In a rare move in the two years of cross-strait detente after his inauguration, President Ma Ying-jeou Saturday issued some of his sternest statements against an editorial by the mainland Chinese state-owned newspaper People's Daily celebrating the Chinese Communist Party's "leading role" in defeating Japan in the China theater of the Second World War.
In addition to the People's Daily editorial, the R.O.C.'s role in the war had been all but omitted in a series of celebrations of the 65th anniversary of the WWII victory on the mainland, which obviously tried to revisit an important chapter of modern Chinese history.
Ma stressed that it is a historical fact and the only truth that the nationalist Kuomintang (KMT) led the people of the Republic of China, which then included mainland China, in the eight years of resistance against Japanese invasion. The president's spokesperson Lo Chih-chiang pointed out that R.O.C. troops played the critical roles in the war in which 3.22 million of its military officers and soldiers, as well as 200 generals, sacrificed their lives to defend the country and its people.
As Taiwan's Ministry of National Defense (MND) stressed, the history of the resistance is "written in blood by the R.O.C. military and its people," which no one has the right to alter or distort.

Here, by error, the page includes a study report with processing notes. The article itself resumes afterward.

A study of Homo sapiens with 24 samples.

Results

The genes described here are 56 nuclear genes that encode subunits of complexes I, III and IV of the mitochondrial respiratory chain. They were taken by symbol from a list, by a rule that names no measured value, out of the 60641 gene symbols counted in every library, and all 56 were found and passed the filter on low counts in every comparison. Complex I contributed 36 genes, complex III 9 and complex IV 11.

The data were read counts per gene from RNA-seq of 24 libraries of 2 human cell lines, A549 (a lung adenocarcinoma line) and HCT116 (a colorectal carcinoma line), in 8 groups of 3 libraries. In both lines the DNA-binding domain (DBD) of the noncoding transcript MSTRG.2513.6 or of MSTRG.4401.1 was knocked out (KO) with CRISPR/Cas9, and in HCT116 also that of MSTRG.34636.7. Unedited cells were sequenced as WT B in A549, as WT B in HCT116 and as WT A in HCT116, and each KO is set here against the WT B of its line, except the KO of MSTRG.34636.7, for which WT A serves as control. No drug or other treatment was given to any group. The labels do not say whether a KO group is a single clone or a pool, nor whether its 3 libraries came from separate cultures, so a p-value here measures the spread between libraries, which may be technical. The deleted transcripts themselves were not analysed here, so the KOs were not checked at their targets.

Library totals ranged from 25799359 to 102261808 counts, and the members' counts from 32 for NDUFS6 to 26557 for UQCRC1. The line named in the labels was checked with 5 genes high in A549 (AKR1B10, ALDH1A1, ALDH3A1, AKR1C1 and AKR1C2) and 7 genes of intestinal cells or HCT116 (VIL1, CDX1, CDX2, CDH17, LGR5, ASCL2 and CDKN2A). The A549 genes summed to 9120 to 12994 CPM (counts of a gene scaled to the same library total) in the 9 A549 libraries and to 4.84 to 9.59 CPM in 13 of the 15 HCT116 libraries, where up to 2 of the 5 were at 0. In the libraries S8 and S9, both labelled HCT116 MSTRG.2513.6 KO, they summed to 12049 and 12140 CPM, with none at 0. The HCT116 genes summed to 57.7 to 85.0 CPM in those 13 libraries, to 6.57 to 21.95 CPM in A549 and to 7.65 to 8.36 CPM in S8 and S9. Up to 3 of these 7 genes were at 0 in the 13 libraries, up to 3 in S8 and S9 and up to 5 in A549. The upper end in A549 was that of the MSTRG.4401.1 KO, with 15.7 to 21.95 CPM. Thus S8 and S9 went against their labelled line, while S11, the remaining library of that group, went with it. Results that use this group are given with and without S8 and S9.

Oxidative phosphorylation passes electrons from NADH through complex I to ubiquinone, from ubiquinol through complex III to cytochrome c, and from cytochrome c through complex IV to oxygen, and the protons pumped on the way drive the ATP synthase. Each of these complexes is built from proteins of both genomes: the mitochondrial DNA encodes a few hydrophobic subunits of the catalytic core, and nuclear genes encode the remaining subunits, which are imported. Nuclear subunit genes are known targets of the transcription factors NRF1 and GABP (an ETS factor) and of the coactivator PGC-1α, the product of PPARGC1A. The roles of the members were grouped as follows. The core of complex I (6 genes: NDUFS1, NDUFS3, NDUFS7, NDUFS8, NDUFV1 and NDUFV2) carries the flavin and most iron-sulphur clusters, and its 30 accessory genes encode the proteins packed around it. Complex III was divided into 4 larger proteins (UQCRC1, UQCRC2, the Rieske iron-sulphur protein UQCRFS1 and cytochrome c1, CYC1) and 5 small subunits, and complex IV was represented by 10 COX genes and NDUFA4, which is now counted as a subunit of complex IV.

The subtext of the Japanese war debate is not the reinterpretation of the past, but the shaping of the future. What's truly at stake is not who's to credit for winning the Japanese war but the legitimacy of the communist People's Republic of China (PRC) as the representative of China.
After all, the R.O.C.'s role in the war is hard to dispute. Anyone entertaining the idea of shaking up history will find it hard to argue against the famous photos of the three leaders of China, U.S. and UK at the 1943 Cairo Conference in which the Allies united against Japan and discussed about postwar Asia. It was Generalissimo Chiang Kai-shek, not Chairman Mao Zedong, who sat side by side at Cairo with U.S. President Franklin Roosevelt and British Prime Minister Winston Churchill.